Netanyahu short for right-wing coalition, would need Arab support

Right-wing bloc led by Likud and joined by UTJ, Shas, Religious Zionist Party and Naftali Bennett's Yamina, receives 59.

Prime Minister Benjamin Netanyahu celebrates with the Likud after Israel's elections, March 23, 2021. (photo credit: MARC ISRAEL SELLEM/THE JERUSALEM POST)
Prime Minister Benjamin Netanyahu celebrates with the Likud after Israel's elections, March 23, 2021.
Prime Minister Benjamin Netanyahu would not be able to form a government, according to preliminary results from 97% of the regular polling stations reported by the Central Elections Committee unless he gains support from the Arab-Islamist Ra'am Party. 
Netanyahu's bloc of Likud, Shas, United Torah Judaism and the Religious Party was found to have won 59 seats along with Yamina, two short of a majority. Ra'am's leader Mansour Abbas has collaborated in the past with Netanyahu and pro-Likud advocates are already working to legitimize the formation of a coalition with Arab support in the media. 
Abbas has justified working with Netanyahu and other Zionist parties if he can, in exchange, gain benefits for the Arab community which faces poor infrastructure, a growing murder rate and high unemployment. 
According to the preliminary results, Netanyahu's Likud won 30 seats, Yesh Atid 18, Shas 9, Blue and White 8,  United Torah Judaism, Yamina and Labor 7,  New Hope, Yisrael Beytenu, the Religious Zionist Party 6 and Meretz 5. After initial indications that the Ra'am (United Arab List) Party had not crossed the 3.25% electoral threshold, current results give it five seats and the Joint List six.  
Exit polls were mostly inconclusive throughout the dramatic post-election night. The three channels - 11, 12 and 13 - initially called a victory for Netanyahu's Likud assuming Bennett, who immediately said he would do what is right for the country, joins the coalition.
Central Elections Committee head Orly Ades said preliminary results of the normal polling stations would be announced later in the day. Only after that, the Central Elections Committee will begin counting some 450,000 double envelopes, which are ballots from hospitals, nursing homes, emissaries, soldiers, prisoners and special polling stations for returnees at Ben-Gurion International Airport and for the sick and quarantined from COVID-19. 
Netanyahu declared that his Likud had won in a speech he delivered at the Jerusalem International Convention Center at 2:30 a.m. He vowed to avoid a fifth election and called on politicians across the spectrum to enter a government he intended to build immediately.     
He said that he has more than a double digit margin, the largest margin between the first and second parties in decades. "Israel is the world champion of vaccines," Netanyahu said. "We brought millions of vaccines for everyone just like we made peace deals for everyone."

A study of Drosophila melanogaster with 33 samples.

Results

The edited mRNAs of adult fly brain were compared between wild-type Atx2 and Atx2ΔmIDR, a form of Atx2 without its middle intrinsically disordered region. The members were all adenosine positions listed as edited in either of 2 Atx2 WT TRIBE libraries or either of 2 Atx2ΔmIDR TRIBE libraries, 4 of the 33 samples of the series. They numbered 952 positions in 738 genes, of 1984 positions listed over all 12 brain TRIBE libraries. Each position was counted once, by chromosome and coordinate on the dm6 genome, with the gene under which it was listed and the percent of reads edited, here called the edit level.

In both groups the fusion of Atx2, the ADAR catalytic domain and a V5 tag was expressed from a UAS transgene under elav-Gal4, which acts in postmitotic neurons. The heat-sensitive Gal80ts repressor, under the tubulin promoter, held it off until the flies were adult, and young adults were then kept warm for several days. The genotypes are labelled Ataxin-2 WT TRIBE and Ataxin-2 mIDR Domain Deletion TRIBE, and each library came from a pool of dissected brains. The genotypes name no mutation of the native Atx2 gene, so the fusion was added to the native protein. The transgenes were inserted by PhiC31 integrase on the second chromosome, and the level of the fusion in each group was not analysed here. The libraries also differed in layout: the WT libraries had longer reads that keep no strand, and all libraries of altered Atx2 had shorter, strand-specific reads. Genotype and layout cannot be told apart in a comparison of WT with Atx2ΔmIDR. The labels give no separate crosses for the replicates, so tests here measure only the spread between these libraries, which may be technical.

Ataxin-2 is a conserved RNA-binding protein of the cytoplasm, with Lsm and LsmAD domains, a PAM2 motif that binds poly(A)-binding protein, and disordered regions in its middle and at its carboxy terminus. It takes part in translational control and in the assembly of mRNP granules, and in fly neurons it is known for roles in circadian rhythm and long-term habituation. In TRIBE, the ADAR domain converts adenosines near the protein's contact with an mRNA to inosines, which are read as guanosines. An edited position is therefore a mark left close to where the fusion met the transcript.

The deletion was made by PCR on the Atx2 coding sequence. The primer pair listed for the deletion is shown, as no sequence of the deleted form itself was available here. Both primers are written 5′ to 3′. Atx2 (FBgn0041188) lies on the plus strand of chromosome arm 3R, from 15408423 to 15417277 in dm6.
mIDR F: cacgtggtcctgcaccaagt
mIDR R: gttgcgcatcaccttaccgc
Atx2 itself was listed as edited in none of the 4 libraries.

"I don't disqualify anyone from sitting with me," he said, "because the state of Israel demands a stable government."
Hours earlier, Netanyahu declared on Twitter that he had won "a giant victory."  Sources in Likud said Netanyahu would try to build a coalition as soon as possible, but Bennett's associates said they were "not in Netanyahu's pocket" and that joining his government was not a foregone conclusion.   
Netanyahu called Yamina leader Naftali Bennett, who told him he was waiting for the final results and he would "act for the good of all the citizens of Israel." Netanyahu also called the other leaders in his political camp and asked them to join a strong, right-wing government.
Opposition leader Yair Lapid boasted that "Netanyahu doesn’t have 61 seats but the change bloc does," in a speech to activists of his Yesh Atid Party. He called parties in the anti-Netanyahu bloc and vowed to coordinate their next steps together. 
The turnout of 67.2% was a drop of 4.3% since last March's election in which the turnout was 71.5% and the lowest of the four elections of the past two years.  
In a speech to his party's activists, Sa'ar downplayed his defeat and asked to wait for final results. He vowed to not enter a Netanyahu-led government, though Likud officials said they would try to woo New Hope MKs. 
According to the exit polls, the Likud won 30 seats on KAN and on Channel 12 and 31 on Channel 13. Shas won 9 on all three channels. UTJ won 6 on Channel 12 and 7 on Channel 13 and KAN. The Religious Zionist Party won 7 on Channel 12 and KAN, and Channel 13 gave it 6 seats. Yamina won 7 on all three channels.
Lapid led his party to 18 seats according to Channel 12 and KAN and 17 according to Channel 13. Gideon Sa'ar's New Hope Party won a disappointing 6 seats according to all three polls. 
Yisrael Beytenu won 7 seats pm all three channels. Blue and White won 7 according to Channel 12 and 8 according to KAN and Channel 13. Labor won 7 according to Channel 13 and KAN and 8 according to N12. Meretz won 6 according to KAN and Channel 12 and 7 according to Channel 13.
After struggling throughout the campaign, Meretz easily crossed the 3.25% electoral threshold, according to the exit polls. The Joint List won nine seats on Channel 12 and KAN on Channel 13 and KAN. 
Gantz thanked his supporters for demonstrating their confidence in him.
"Starting tomorrow, I'll do my best to unite the pro-change block," he said. "And if we are forced to face a fifth round of elections, I will vigilantly protect our democracy, rule of law and security, because Israel comes first."
The exit polls came following a tense day of infighting with both political camps. Yamina fought for seats with the Religious Zionist Party, while Gantz accused Lapid of sending out false statements about Blue and White and other satellite parties.
Sarah Ben-Nun and Eve Young contributed to this report.